Thursday, April 9, 2015

The Role of the IMF in the Euro Crisis

by Miranda Xafa

Centre for International Governance Innovation

April 9. 2015

On the eve of the IMF Spring Meetings in Washington, beginning April 12, with the euro crisis anticipated to sit front and centre in the discussion, it’s necessary to reflect on the role the IMF has — and hasn't — played in this catastrophe.

The Greek crisis of 2010–15 is one of the most severe post WWII crises, with real GDP down by 25% over six years and unemployment up to 27%. The Greek debt restructuring of March 2012 was the largest in history, yet it failed to restore debt sustainability. The IMF is often blamed for this outcome, but critics overlook some important facts.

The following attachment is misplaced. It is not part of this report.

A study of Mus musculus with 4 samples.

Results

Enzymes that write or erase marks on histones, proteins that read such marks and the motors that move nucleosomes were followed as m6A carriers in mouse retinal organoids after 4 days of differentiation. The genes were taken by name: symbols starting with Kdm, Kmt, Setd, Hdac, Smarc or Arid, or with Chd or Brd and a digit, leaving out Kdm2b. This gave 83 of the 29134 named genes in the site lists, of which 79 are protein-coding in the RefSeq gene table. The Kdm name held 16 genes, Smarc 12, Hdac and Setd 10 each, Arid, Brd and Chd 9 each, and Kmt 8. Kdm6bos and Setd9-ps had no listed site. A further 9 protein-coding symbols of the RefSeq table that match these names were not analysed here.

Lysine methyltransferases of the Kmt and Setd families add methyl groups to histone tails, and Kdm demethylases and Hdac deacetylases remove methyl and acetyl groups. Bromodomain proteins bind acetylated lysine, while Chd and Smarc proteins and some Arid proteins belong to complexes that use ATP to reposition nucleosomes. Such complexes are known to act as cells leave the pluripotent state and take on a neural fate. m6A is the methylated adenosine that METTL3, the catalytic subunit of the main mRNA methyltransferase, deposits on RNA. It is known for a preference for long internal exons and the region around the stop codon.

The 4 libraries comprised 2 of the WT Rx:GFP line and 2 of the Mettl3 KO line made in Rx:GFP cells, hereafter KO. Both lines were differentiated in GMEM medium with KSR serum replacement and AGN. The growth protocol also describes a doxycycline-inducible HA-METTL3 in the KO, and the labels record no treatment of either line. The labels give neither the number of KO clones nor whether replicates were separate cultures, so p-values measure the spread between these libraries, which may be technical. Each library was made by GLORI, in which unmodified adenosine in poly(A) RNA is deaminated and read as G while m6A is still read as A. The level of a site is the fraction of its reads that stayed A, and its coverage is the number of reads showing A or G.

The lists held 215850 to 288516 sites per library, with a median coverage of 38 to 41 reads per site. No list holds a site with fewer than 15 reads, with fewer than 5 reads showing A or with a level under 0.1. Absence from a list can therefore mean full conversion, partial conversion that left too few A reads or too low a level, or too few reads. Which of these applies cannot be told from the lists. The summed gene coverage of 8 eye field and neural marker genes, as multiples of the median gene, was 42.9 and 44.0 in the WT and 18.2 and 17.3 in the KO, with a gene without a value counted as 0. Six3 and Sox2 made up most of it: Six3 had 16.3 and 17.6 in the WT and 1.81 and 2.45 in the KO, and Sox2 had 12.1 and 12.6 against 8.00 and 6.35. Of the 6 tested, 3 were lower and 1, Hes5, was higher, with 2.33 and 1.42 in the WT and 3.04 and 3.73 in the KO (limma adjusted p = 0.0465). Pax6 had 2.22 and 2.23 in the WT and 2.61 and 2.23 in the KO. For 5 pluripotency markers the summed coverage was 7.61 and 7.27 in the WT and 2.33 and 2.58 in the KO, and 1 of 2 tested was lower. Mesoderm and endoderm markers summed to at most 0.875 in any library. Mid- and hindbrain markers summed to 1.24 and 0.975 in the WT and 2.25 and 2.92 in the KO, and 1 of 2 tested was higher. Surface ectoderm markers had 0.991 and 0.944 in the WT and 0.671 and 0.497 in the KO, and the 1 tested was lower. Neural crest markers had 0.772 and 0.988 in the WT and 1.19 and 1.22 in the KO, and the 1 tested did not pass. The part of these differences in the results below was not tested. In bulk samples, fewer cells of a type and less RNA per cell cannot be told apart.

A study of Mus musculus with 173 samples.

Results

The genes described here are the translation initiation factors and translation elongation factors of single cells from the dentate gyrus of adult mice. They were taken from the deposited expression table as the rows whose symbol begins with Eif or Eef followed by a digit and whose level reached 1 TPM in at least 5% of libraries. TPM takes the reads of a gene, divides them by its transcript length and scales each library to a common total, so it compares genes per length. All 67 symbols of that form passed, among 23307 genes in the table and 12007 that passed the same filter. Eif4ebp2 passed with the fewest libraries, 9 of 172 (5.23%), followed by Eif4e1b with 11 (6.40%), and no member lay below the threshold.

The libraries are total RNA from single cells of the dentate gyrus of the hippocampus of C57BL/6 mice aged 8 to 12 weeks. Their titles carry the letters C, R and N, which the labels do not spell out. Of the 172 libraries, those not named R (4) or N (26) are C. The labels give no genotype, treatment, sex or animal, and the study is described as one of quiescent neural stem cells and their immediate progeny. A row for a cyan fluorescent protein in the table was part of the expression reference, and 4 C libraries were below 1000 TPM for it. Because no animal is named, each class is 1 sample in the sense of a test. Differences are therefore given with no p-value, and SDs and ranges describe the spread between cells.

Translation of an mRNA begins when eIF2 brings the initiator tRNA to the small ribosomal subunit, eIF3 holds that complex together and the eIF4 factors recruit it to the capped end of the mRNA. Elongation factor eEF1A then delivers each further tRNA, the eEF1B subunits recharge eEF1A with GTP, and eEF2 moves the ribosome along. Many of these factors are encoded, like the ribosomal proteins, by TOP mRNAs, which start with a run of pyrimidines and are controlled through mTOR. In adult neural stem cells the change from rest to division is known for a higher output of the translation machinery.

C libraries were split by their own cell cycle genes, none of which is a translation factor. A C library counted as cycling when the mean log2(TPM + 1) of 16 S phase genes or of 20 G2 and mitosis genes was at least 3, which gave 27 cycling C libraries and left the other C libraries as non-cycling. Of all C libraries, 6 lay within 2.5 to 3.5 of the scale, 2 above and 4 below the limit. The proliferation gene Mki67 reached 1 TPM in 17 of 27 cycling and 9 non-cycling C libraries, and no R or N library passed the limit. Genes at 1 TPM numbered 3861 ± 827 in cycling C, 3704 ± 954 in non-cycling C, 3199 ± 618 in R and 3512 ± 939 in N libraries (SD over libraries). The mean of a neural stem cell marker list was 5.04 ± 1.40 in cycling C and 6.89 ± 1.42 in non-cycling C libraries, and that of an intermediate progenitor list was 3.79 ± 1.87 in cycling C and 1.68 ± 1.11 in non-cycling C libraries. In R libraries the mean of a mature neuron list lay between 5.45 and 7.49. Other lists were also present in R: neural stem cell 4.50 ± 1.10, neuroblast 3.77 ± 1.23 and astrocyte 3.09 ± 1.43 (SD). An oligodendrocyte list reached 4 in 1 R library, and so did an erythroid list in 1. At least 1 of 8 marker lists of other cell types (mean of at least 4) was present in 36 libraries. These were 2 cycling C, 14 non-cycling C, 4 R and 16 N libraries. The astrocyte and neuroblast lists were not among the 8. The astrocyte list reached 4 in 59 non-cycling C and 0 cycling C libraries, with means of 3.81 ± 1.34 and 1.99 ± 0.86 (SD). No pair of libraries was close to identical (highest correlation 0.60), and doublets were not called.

In the decade preceding the global financial crisis we can discern the following trends in the Euro area periphery: Greece’s per capita income growth was among the highest in 1997-2007, second only to Ireland’s growth (Ireland 54%, Greece 43%, Spain 27%, Portugal 17%, Italy 14%, based on the IMF’s WEO data). However, Greece’s public debt service ratio rose by ten percentage points of GDP over this period compared with large declines elsewhere (-38% in Ireland, -30% in Spain, -14% in Italy vs. an increase in Portugal from very low levels). Greece’s higher living standard was fueled by a debt-financed consumer boom, sowing the seeds of today’s debt crisis. Instead of focusing on past profligacies, the Greek media —driven by special interest groups — often portray the current crisis as being the result of IMF policies. The IMF needs to strike back when such distorted views are voiced in the media, threatening to take hold in public opinion.